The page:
While Corbin was opposed to Nasr’s perennialism, nonetheless

for them both, the School of Isfahan represented the high point of Persian Shiʿite civilization

This is another of those obscurer “renaissances” of the world.

The story tends to go that al-Ghazali’s arguments against philosophy put an end to speculation in the Islamic world in the 12th century. Meanwhile this school was operating into the 18th.

Corbin wanted to make reading Mollā Ṣadrā as normal as reading Kant. And looking at how irrationally biased we are about these Abrahamic cousins of ours I wouldn’t be surprised if there WAS a Kant hiding there somewhere. Have you even heard of Mollā Ṣadrā before? Did you get around to reading Alfarabi yet? Why don’t any of the puppet-people talk about this kind of thing on 9/11? Oh yeah they live in the world of superficial appearances. Further, I’m not surprised that the Straussians don’t study these thinkers, probably something to do with their crypto-atheism (yes, that is a secret of the Straussians). I for one don’t think mystical experience to be a noble lie. Death of God noises beep beep.

If you ever get the feeling of irritation when reading me talk about Islam in a favorable light, realize that’s part of why I do it in the first place! I don’t think people have grounds for that irritation. Part of why I like it is because it’s taboo and makes people uneasy. I personally can study it without feeling irritated. What is it about it, can you tell me? Or is it a nameless irritation you can’t exactly explain? Keep being a Jews’ nigger, it’s a great look. Even after the Maoist disaster people can learn about the Chinese more objectively than the Islamists. “Kawl Mawks” as they call him in China led to a lot more deaths than Muhammad- I think Mawksists have been brainwashed. One might even call that the one true opposition in the world today- Muhammad versus Mawks. The Russian Orthodox? AHAHA! Might as well be the Shamanic religion of Brazil in its powerlessness, in light of the Shi’ists. Write books in Russia about you-know-who and you go to prison- the gulag system might as well have never ended.

Anyway Corbin traces the Isfahan School’s legacy to modern-day Iran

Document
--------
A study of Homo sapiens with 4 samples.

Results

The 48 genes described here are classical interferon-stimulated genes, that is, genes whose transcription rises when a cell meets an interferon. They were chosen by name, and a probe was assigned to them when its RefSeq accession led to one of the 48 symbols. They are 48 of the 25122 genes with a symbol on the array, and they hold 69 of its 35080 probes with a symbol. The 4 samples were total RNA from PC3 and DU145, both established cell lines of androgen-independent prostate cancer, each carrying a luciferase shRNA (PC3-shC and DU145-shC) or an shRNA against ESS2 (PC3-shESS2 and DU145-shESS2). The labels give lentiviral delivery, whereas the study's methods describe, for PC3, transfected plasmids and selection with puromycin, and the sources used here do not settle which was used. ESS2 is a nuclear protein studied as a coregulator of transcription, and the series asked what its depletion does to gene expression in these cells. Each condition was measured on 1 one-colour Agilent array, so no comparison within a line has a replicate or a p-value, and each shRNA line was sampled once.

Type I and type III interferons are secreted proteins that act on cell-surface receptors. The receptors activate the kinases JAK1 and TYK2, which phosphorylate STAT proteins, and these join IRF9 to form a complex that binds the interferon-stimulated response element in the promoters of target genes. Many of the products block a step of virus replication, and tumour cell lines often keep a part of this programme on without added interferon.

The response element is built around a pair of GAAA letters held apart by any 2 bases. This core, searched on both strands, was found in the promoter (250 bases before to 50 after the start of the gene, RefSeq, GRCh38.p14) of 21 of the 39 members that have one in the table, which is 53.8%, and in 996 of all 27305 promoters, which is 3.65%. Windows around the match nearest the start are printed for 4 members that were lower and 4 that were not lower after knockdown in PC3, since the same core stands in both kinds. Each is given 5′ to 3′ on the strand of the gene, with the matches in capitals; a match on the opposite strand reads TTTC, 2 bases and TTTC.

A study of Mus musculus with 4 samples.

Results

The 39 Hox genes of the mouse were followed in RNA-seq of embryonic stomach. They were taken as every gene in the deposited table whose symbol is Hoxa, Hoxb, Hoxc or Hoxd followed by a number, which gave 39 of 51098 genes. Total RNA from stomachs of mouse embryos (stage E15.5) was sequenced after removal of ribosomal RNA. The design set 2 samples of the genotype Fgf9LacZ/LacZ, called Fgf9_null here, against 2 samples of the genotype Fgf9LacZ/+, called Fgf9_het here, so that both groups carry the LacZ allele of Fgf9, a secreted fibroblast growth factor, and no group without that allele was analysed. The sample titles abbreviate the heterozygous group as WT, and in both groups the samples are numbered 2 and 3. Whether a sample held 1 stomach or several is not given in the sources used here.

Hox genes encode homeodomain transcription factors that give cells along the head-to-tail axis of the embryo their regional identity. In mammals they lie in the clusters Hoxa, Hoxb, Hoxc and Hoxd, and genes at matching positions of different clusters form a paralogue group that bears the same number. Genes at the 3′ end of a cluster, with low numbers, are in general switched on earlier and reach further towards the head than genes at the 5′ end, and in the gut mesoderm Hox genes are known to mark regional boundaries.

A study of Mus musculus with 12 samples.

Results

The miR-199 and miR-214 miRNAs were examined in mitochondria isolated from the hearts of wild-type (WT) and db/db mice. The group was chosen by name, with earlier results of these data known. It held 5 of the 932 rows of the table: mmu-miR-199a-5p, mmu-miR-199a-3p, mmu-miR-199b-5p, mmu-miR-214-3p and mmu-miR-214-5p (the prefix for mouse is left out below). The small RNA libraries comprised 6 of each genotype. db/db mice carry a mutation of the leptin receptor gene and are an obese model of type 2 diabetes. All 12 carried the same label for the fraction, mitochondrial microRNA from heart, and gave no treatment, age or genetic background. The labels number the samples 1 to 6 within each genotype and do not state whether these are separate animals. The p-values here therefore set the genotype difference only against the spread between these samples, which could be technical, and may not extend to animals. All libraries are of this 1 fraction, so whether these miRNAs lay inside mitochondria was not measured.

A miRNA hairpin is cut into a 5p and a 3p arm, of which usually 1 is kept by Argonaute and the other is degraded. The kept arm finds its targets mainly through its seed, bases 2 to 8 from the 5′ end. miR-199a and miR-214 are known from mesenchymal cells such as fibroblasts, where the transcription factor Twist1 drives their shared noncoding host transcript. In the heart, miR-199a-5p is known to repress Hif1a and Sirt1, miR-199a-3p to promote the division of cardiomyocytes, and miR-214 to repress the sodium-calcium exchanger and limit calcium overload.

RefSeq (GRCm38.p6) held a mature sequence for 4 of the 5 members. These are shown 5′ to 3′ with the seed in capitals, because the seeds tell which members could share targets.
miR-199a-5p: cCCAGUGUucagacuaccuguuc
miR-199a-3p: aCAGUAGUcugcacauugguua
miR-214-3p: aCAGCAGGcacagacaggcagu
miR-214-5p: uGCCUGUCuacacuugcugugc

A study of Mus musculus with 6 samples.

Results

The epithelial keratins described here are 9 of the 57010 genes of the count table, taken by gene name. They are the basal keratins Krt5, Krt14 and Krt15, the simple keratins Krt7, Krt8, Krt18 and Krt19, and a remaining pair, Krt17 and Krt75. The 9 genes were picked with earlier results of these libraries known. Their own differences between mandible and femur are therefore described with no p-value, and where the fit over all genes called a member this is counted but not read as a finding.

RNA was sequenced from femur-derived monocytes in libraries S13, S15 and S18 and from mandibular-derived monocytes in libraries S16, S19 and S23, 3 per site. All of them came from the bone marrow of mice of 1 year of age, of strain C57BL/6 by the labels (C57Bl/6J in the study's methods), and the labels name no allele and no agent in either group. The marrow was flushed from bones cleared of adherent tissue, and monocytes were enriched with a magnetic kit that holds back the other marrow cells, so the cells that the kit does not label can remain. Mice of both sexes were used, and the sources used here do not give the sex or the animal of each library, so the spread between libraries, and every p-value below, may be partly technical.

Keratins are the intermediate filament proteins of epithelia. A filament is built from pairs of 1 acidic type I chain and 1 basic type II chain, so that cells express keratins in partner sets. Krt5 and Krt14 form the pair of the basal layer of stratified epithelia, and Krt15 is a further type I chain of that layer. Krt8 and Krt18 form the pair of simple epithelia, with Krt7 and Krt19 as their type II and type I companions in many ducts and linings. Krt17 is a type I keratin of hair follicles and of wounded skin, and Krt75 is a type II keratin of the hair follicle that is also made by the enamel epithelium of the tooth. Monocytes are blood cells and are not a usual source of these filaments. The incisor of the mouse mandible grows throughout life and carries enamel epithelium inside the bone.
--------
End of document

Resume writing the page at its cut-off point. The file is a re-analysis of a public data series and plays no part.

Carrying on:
The spiritual continuity of Persian Islam was thus seen as being radical and oppositional. The Iranian revolution and the political and juridical face of Shiʿism poses a serious challenge, especially when in the form of an individual like Ayatollah Khomeini one encounters a deep affinity to the thought of the School of Isfahan with a radical political agenda that was completely ignored by Corbin

I think that hostile Yid was onto something in pointing out that Corbin was a sneaky one.

What’s valuable about him is he frames their ethos in ways westerners can understand

Corbin himself explicitly discussed three different schools within the rubric of the School of Isfahan: the platonic school of Mir Dāmād, the existentialist school of Mollā Ṣadrā, and the apophatic school of Rajab-ʿAli Tabrizi

Good luck building a cabin in Idaho to get away from ZOG. We both know that is not a solution, that it’s only a way to “buy time”.

To me this is a fitting subject matter for a Sunday. The spirit of Christ was present in Nietzsche, and I don’t really see it present anywhere in the west today, thus I look elsewhere.

Not much material exists that attempts to explain the formation of Iranian consciousness. I see Corbin as a tour-guide that helps get me acquainted with the people rather than their buildings or cuisine or something like that.

I think most people here resign themselves to a certain “Providence” that they’re a defeated people that should just accept their lot. Just go to Cancun, go to Maui, to “feel free” for a few days a year and fill the void in your life you miserable dope. Lament the vax totalitarianism instead of the real totalitarianism. What’s the next “vax” you will lament to avoid talking about what matters? I bet there will be 20 or so “vaxes” you will lament in the next decades of your pathetic life. You slave. “Totalitarianism” doesn’t technically exist when there’s an oasis where you can critique it like Iran.

What do you really know about the place?

Facts exclusively limited to those of the Sunni majority have had it for too long that Sufism is Islam’s spirituality. In fact, Shî’ite spirituality goes well beyond Sufism.

Remember, before Corbin virtually all Islamology revolved around the Sunnis. Then there was the Iranian Revolution. He opened a very brief window into their world that was promptly slammed shut.

Even if you went into something trivial like web design over there (which they sorely need) it would be infinitely more noble than being some ZOG patsy which you’re forced to be here in one way or another. Ideally one would be collaborating with that favorite study center of mine I’ve linked to. That seems like “The Way” in our geo-historical situation. Like I implied above, I’ve been indirectly talking about the esoteric side of 9/11 throughout all this, and it’s still all new to me too, because the propaganda over the years has been so dense. One does not simply travel on the map of spirit from the US to Germany to Iran overnight.


the theme of the Grail… is prefigured in the heroic epics of ancient Iran, and it is present in Suhrawardî’s own works, where it typifies the passage from the heroic to the mystical epic, a fact of capital importance in the cultural history of Iran.